Disabled workers have appealed to the public to respect social distancing measures and urged supermarkets to do more to support disabled people with food deliveries.
The STUC Disabled Workers Committee, which represents Scotland’s disabled workers, whether those be visible or invisible disabilities, have outlined their key concerns in the wake of the Coronavirus pandemic.
Julie Ferguson, Chair of the Disabled Workers Committee, stated,
“While the Committee is in full support of the lockdown measures, in order to protect public health and the NHS, we have noted some concerns around the implementation, or lack thereof, of social distancing.
“Our members live with a number of different health conditions, and many of our members are shielding as they are at a particularly high risk of dying from Coronavirus. For those of us who are not shielding and are key workers, we want to be able to enjoy our daily exercise safely, and to get to our work.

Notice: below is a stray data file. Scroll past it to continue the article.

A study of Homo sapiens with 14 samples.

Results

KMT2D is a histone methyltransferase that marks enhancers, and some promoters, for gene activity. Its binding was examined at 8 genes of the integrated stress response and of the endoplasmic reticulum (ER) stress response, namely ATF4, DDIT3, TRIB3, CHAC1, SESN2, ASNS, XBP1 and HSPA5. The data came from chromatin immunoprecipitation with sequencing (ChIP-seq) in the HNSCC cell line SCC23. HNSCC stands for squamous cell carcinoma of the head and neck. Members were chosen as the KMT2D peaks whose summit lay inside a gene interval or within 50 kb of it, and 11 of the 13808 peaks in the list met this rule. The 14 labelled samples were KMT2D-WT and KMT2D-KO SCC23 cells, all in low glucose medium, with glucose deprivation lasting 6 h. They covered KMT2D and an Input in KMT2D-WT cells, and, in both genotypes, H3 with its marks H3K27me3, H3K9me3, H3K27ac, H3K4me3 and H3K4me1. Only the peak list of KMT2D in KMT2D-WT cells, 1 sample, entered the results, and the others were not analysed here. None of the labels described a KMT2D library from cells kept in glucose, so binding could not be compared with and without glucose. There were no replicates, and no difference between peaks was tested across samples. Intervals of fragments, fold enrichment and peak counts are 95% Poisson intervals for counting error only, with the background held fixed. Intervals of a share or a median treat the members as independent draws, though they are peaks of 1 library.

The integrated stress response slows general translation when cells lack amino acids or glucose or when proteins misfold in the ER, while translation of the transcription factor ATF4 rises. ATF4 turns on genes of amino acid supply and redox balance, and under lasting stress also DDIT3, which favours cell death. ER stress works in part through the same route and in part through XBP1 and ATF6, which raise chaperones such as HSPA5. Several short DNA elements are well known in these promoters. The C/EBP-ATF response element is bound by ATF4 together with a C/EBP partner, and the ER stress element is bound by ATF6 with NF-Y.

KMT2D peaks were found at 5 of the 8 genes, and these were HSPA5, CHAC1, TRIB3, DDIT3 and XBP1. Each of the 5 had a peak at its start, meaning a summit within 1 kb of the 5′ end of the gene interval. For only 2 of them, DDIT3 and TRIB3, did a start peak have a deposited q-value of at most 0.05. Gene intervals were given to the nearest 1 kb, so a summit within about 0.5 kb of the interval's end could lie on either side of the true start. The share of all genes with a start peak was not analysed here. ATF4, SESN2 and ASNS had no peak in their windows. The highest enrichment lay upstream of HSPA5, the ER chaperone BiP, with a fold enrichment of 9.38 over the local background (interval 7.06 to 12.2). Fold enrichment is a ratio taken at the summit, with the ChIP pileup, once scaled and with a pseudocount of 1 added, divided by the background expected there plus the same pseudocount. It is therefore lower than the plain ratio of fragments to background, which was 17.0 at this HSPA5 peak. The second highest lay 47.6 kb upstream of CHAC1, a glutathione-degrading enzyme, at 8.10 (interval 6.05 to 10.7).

“Unfortunately, we are finding that there are still members of the public that disregard social distancing and walk too close to us. For disabled people, it’s not as easy to “dodge” people, so we rely on the able-bodied public to do so.
“As a community, we don’t want to feel isolated and alienated from the public, so we are urging the public to support disabled people by respecting social distancing measures.”
Julie Ferguson also outlined concerns that supermarkets delivery slots are becoming increasingly difficult to access for disabled people dependant on them:
“Pre-Covid19, supermarket deliveries were a lifeline, but now they’re becoming more and more difficult to get. We need systems in place to make sure disabled people are still able to get delivery slots. We should not be reliant on local volunteers for support.”